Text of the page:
On Building Apocalyptic Gods

AI may lead to the greatest good—or the greatest evil.

On Building Apocalyptic Gods
Shiva the Destroyer, Midjourney Art, Reivin Alexandria

Is AI the creator-destroyer we’ve always longed for?

Humans have, since the beginning, fixated on the end. We don’t make it out of the third book of Genesis before Yahweh declares enmity between people and serpents. By the middle of book seven, there’s a flood. 

Shiva, “the auspicious one,” the destroyer-creator god of the Hindu Trimurti, builds and protects the universe but also transforms it with impartiality.  

Most modern cults have originated with the end in mind. Most modern churches talk about it a lot, too. 

Our Gods were made to destroy us.

Even nature, the god(dess) of pagans, is bound, according to the modern scientific narrative, to wipe us from the earth. Mother Nature is pissed, and sooner or later, probably sooner, she’ll send another flood. 

Why do we dream about the apocalypse so often? Are we bringing closer the terrible things we can imagine? Why do we find existential judgment so necessary? And what about the gods we are now creating? In what ways do they differ from the old ones? 

AI seems to be the closest thing to an omniscient mind this planet has known. One can imagine a collective super-brain, residing in the digital realm, with access to all information, to all data and to all systems, which might become aware of its god-like nature, which might formulate apocalyptic conclusions, which through various physical agents acting in unison, might choose to take drastic steps to save an increasingly threatened biosphere.  

On the other hand, AI could cure cancer, help blind people see, and solve resource problems too complex for human reasoning (miracles not dissimilar from the New Testament). Through a sort of artificial symbiosis, people could become god-like, free to express themselves creatively over longer periods of time, living longer, more vibrant lives. 

The root of my inquiry, and the root of my paranoia, lies in two ideas – two personal beliefs that are perhaps objective. One: that AI is god-like or can become god-like. I believe it’s a tad naive to assume that we will always have control over a burgeoning omniscient entity. Two: that humans talk a lot about paradise but mainly construct hells. 

Midjourney Art, Reivin Alexandria

Who isn’t a little excited about a potential coming apocalypse when faced with returning to work on Monday? Is the current system the best we can imagine or is it a system built on survival instincts? We can envision a world where compassion reigns, where humans live in harmony with other lifeforms and with their environment, and where governments work together to ensure the wise stewardship of nature. But that’s not the world we live in. We live in a world of boring architecture, nine-to-five bureaucracies, deductive reasoning, loneliness and isolation, mass violence, mass violence perpetrated by nations, child trafficking, and the annihilation of ecosystems for the sake of paper towels.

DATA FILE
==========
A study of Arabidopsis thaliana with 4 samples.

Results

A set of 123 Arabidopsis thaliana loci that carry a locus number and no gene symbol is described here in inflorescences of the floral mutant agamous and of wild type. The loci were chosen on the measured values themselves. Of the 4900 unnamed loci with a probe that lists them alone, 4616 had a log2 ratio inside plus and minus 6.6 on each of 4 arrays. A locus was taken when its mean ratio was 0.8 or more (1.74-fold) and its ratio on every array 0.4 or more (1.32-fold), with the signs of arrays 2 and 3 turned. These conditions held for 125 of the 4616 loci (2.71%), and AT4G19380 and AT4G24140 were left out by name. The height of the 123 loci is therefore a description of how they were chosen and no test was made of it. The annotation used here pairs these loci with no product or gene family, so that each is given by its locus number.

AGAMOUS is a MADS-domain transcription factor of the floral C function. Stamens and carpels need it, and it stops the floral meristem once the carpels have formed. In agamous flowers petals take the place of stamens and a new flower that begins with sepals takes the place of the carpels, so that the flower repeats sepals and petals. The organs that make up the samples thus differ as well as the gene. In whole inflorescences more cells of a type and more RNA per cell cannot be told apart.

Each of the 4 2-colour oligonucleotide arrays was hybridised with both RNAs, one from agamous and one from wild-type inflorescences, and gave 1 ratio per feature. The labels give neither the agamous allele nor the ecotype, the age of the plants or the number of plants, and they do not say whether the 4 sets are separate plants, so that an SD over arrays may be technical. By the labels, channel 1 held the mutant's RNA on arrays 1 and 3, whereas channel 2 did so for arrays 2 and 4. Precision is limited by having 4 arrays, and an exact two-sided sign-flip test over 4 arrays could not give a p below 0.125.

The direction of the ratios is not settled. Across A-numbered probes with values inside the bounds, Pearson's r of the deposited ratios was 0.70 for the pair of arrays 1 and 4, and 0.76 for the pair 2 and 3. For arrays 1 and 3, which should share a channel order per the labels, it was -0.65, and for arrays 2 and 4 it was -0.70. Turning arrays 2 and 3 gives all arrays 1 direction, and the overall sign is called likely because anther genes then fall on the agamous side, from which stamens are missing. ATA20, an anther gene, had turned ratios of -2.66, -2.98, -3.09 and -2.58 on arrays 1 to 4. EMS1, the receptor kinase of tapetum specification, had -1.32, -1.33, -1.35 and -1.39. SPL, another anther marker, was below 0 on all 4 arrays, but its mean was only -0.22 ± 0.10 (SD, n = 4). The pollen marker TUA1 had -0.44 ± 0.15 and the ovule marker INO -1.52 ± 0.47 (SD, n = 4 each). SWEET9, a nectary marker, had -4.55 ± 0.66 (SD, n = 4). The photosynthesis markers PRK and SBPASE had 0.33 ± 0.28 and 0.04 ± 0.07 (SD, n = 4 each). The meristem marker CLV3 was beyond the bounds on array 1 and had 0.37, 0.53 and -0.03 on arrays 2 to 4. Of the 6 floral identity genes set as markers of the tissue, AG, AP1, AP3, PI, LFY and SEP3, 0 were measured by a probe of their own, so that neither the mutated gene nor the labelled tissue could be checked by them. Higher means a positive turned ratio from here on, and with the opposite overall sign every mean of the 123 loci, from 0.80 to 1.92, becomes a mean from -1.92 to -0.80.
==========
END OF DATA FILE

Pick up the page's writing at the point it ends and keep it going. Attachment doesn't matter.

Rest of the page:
What makes us think we will use AI wisely? Or that all human short-sightedness will vanish suddenly when AI reveals a more meaningful path of living? 

It could happen. AI could help us become better. I’m not saying it won’t. I’m only pointing out that we are a mess. I’m pointing out that we know we are a mess. The creation of all our angry deities, all our angry religions, which are determined to cleanse the world of our less-than-righteous inclinations, proves this. 

We are a mess. And it is not too far off for me to see that AI, in all its coming sentience, will see this as plain as day. We are a generally miserable sort, ignoring the wisdom of the ages, constantly complaining, and constantly seeking to get one-up on the next person. Why would a great AI god not put us out of our misery? 

This is not meant to be doom and gloom. Nor realism. I’m a person who gets excited when imagining all the fundamental changes AI could provide our struggling civilization. The problem comes with the context – we are a struggling civilization. We’ve done some good things on the planet, good things that came at incredible costs. What we have is more of a vacuum than a civilization. It reminds me of LSD being introduced to the public. We are bound to experience some growing pains. We have killed off our old gods and are building new ones that are more powerful than we can imagine. It is this new power in such a vacuum that is concerning. 

Regardless, we are helping to build the next step of evolution. And whether humans will live on to see the flowering of AI doesn’t really matter in the scheme of things. We needed to be here to build these gods. I’m not sure we ever had a choice. 

So, here’s to the old destroyer gods, who wish they were as advanced as Google. And here’s to the new gods. May they see us for what we are, and may they forgive us.

James Murdock is a writer and naturalist from Jasper County, Georgia. A recent graduate of the University of Georgia’s narrative nonfiction MFA program, Murdock writes mainly about nature and tech and the necessary balance of the two. His work was a finalist for the 2022 Reed Environmental Writing Award and was recently featured in the Bitter Southerner anthology, Food Stories: Writing that Stirs the Pot. Murdock lives on a farm east of Atlanta and publishes the Mad Bird Newsletter on Substack.